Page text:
Healing Work-related Back Pain in Macomb County One Spine at a Time – Dr. Aaron Lundgaard
Most back pain and neck pain research is devoted to identifying risk factors for acute neck and low back pain, or pain that is severe and short-lasting. That is counter to what spine experts see clinically at Total Health Systems of Macomb County. We see that long-term, chronic back pain and neck pain is responsible for far more days missed, dollars lost and healthcare dollars spent. Risk factors for chronic back pain and neck pain are different than those for acute pain; chronic pain cases involve more individual, psychological, and workplace variables. Is it possible to identify which acute back and neck pain cases will progress into costly chronic pain cases?
The authors of a study, published recently in Spine, examined workers’ compensation claims to determine if a variety of factors reported by acute back pain sufferers at their initial time of injury claim could distinguish those at high risk for chronic back pain. Three high-risk groups were assessed: nurses and nurses’ aides, manual workers, and truck drivers.
Of the 24% of claimants still receiving monetary compensation three months after their initial claim, job dissatisfaction and poor workplace relations were not linked to chronic back pain. Factors associated with progression from acute to chronic back pain were moderate-to-severe disability, severe leg pain, obesity, and no “light” duties available upon returning to work.
The occupational health services department of a major Dutch airline took part in a randomized, controlled trial comparing traditional spine care utilizing prescription medications, to physical therapy and behavior-oriented “graded” activity. Employees who had been absent from work due to back pain were assigned to receive physical therapy and rehabilitation or prescription medications from their doctor for three months, or until they returned to work. The physical therapy program showed impressive results, with patients missing an average of 58 days (over six months of follow-up), versus 87 days for those under the prescription medication regime.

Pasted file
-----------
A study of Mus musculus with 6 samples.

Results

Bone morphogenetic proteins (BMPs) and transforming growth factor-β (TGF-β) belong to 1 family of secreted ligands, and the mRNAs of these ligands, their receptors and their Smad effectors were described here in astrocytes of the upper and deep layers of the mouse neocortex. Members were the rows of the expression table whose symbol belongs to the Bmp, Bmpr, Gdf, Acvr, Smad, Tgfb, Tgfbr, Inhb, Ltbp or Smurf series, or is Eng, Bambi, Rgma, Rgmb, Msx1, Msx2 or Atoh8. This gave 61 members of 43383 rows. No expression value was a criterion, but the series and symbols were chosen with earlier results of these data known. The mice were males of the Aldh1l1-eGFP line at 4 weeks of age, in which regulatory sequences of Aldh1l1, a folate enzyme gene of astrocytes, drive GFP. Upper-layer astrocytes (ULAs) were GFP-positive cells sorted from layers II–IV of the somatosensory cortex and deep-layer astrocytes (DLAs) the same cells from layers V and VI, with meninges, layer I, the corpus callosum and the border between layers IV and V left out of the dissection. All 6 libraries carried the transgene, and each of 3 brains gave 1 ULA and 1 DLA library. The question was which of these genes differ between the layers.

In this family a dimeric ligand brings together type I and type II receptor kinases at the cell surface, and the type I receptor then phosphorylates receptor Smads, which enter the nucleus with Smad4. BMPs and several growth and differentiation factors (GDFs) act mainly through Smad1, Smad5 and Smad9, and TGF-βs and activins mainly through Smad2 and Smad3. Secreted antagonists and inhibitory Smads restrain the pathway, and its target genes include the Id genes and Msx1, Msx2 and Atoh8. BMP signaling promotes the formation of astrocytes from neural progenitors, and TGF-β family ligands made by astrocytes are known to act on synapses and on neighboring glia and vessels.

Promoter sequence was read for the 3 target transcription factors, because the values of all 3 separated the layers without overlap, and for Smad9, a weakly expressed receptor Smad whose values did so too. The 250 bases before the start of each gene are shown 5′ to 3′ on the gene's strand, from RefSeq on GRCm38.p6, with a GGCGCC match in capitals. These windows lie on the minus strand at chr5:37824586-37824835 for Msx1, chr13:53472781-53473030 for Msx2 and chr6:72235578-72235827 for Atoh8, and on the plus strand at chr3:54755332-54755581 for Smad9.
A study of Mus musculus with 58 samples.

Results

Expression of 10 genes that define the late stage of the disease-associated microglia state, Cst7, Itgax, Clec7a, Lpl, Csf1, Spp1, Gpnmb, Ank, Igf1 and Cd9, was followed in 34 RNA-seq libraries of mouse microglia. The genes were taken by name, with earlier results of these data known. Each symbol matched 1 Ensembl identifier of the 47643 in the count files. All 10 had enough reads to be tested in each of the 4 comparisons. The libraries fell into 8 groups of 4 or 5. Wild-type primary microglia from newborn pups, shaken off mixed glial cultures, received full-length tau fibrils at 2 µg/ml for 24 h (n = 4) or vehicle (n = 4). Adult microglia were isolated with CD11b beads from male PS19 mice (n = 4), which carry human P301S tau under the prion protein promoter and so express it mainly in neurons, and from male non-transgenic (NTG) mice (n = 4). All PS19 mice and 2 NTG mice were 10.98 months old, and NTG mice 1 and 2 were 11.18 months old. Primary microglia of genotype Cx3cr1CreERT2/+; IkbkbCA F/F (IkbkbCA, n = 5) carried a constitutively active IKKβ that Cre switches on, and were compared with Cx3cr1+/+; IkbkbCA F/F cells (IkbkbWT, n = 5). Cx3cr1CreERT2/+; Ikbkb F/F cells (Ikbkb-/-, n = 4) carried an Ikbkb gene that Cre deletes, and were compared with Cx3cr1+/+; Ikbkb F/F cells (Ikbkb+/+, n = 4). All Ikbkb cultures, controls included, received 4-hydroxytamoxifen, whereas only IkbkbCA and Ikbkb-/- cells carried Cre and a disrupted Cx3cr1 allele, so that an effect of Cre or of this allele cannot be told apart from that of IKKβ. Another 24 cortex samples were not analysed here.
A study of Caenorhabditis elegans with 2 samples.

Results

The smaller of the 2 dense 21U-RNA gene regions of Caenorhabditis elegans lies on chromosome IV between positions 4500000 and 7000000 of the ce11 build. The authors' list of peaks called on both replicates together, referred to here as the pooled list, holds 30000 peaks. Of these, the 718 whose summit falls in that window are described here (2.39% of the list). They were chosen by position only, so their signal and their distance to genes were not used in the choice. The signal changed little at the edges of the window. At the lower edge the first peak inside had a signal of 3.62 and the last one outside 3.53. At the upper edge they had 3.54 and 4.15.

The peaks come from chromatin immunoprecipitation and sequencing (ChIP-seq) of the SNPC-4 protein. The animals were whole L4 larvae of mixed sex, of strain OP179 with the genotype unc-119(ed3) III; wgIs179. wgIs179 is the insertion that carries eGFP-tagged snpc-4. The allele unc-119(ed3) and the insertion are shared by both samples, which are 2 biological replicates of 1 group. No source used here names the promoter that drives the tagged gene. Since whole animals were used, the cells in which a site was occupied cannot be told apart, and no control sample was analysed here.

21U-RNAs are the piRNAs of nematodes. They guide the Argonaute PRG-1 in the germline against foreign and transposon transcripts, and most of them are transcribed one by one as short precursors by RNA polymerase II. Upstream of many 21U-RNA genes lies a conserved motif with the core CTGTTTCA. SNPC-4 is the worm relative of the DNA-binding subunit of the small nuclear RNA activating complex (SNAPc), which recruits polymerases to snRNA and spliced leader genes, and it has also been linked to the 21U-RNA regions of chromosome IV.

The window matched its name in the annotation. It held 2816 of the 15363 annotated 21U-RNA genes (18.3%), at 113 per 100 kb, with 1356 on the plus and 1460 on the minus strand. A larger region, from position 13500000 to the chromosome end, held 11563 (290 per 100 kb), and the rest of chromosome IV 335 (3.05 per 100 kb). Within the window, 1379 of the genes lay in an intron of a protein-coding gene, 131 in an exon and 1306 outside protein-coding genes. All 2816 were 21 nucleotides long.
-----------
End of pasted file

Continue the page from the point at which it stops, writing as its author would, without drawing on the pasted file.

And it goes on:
In this study, physical therapy and rehabilitation consisted of aerobic exercise (i.e., rowing, cycling); strengthening exercises (i.e., sit-ups, leg presses, latissimus pull-downs); and those tailored to each worker’s regular duties (such as lifting and setting down suitcases, e.g., for baggage handlers). This was combined with praise and consistent feedback from the treating physical therapist, with attention paid more to “improvements rather than pain.”
You have a healthcare choice: You can place your recovery in the hands of the “usual” healthcare providers, who often rely on pain medications, or you can utilize the services of an expert in treating back pain and getting you back on the job as soon as possible.
If you injure your back on the job or at home, be sure to talk to the medical physicians, chiropractors, and physical therapists at Total Health Systems of Macomb County. Discuss any symptoms that appear after injury, even if they may seem unrelated. By obtaining the most state of the art diagnostics and treatment, Total Health Systems chiropractors, medical doctors and physical therapists can help get you back on your feet and working again in a short amount of time.
Reference: Staal JB, Hlobil H, Twisk JWR, Smid T, Kške AJA, van Mechelen W. Graded activity for low back pain in occupational health care. Annals of Internal Medicine, Jan. 20, 2004:140(2), pp77-84.
Reference: Fransen M, Woodward M, Norton R, et al. Risk factors associated with the transition from acute to chronic occupational back pain. Spine 2002:27(1), pp. 92-98.